Roaming in the wild beast of a boy, the true spirit of Tom Sawyer lives. One of wit, youth, and life. Such a burning fire of life inside, fueled by the tinder of authority and the urge for a vibrant sense of fun. His energy and source of life seems to often come from the times he escapes the fingers of obedience and tyranny from those older and seemingly more mature than him . It is as though he lives for that moment, the adrenaline gained. He lives for the thrill of victory from those who try to contain his animalistic, wild, and childish character ¾ victory that makes the reward of freedom afterwards so much greater.

To the naked eye blinded by the willies of age and fraud vision of sophistication created by society, Tom Sawyer may appear as one of lower knowledge, primitive to the humanities that exist today or even then. “ What a crude development of character,” the ‘higher’ ones may think. Little do the know the true intelligence and genius of one so young. Tom truly is a genius, his ability to see past the artificial covers of the human nature and know how to manipulate it is pure brilliance. Uncovering one of the many laws of which humans work by, he in turn reveals to himself a way to control it. This is of the time when Tom ‘tricked’ a fellow boy into whitewashing his fence. Seeing the intricate workings of the mind, he realized the simple truth. He learned to use reverse psychology. Simple and cunning, that is what his intellect is. Not only that, but more proof of Tom’s intelligence comes from school as well. Though he may appear to be only a vessel for mischief at school, he is actually very smart. He bears a metal related to some achievement at school with which he wears proudly. Not only that, but the ways he achieved the tickets were also very clever. In the end, Tom is simply just a young boy who is very smart, maybe even wise for his age.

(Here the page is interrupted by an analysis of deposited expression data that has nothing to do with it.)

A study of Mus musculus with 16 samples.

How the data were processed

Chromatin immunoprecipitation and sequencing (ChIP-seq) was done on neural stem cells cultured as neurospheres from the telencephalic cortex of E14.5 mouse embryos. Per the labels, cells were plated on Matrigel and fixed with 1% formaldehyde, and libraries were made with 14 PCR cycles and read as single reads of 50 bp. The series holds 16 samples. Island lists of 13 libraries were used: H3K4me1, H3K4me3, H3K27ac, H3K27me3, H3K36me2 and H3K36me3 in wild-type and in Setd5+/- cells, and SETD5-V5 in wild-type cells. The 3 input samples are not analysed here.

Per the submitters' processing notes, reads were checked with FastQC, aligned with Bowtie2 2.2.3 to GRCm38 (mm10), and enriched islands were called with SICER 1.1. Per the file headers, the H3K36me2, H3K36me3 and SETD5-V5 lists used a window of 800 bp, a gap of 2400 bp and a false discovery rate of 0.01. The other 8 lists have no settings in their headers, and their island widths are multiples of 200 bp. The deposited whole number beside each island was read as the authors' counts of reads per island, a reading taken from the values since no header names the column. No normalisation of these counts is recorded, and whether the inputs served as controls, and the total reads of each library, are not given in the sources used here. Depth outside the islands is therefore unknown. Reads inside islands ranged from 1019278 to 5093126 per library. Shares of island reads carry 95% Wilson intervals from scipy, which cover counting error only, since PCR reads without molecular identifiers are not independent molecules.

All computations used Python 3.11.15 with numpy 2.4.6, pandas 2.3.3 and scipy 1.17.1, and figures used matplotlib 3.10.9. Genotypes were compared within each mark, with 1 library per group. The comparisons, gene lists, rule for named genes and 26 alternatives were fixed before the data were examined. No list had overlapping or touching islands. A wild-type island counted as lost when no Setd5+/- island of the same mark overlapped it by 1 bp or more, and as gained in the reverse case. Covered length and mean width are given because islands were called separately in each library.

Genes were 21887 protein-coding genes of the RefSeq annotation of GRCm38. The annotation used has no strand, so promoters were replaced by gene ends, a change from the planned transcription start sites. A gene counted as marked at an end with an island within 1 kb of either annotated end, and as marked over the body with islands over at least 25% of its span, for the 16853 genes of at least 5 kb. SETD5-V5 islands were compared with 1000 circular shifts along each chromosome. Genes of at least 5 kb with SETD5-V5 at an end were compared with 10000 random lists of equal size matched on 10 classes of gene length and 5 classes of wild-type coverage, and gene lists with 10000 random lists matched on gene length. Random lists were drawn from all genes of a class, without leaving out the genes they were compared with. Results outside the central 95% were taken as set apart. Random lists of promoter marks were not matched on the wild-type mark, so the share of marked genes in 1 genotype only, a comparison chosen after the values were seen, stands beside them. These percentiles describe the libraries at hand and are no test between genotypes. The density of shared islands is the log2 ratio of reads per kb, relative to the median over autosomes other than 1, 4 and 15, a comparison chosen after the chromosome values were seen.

With his deeper side hidden, the image of a young boy he portrays also holds much truth in a revelation to his character. Still filled with the flesh of immaturity, Tom’s childish nature always seems to show itself. Two sides of the coin, reflections in the mirror, there are times when both sides of Tom are revealed. Like the moment Tom pretended to be sick. The thought and concept itself was childish, yet the way he calculated what his aunt would have done if he had mentioned his tooth, the ways to make his story believable, the talent of his groans, all a wonderful mix if cunning wit and sheer immaturity. Like many boys, Tom does not enjoy work but only the calling lures of his youth. Drawn to the advertisements of fun in the world, Tom eagerly takes the bait and comes running.

And like any healthy young boy, Tom Sawyer is a suffering victim from the consummation of pride. Though sometimes a good quality, when added in great amounts to a young boy like Tom, it can be highly dangerous. Like the time Tom fought with that other young boy, it gives you another glance into the true nature of his intricate character. He boasts, speaking of all the painful things he can do to this lad, and in a way, it very much resembles the way of many male animals. He marks his territory, speaks big words to warn of his strength, uses his pride as a shield, and in the end, finally attacks. Through the dialog however, you can see how he hesitates, and that could be a result of cowardice but also one of conscience.

Therefore, another side of Tom is uncovered, and that is the one of his heart. He can be careless and troublesome but never cruel. Though the ‘fight’ may be an example of violence to some, it seems more of the regular rough-housing that most boys engage in. Tom may be impish, but never does he often work in ways to purposely hurt people. A different side of his heart would be the one left only for the great point of his love and affections; Becky Thatcher. And yet, even though the way he expresses his love (through displaying the many talents he seems to be proud of and showing off himself to prove how great he is) may not be as ‘mature’ in a sense, it still shows his feelings toward a girl. In his own words, he says that he loves her. It may not show much. However, at least it shows to us that Tom is open with his emotions and not always shy.

Within only a few chapters, we are able to see that Tom’s character is much more than what it seems. Hidden behind the face of a child could thrive the mind of a genius. Complex and convolute, his nature seems to have much more to be learned by readers.


Senior Member
Watch out for those qoutation marks, if strunk and White are any guide (trust me, they are) those marks make you out to be pretensious. Your opening prargraph reads like one long, very dramatic thesis, a little point wouldn't hurt. Otherwise, it was refreshing to see such a clear, and zeolously prasing Swayer fan.

I'm guessing you got an A, am I right?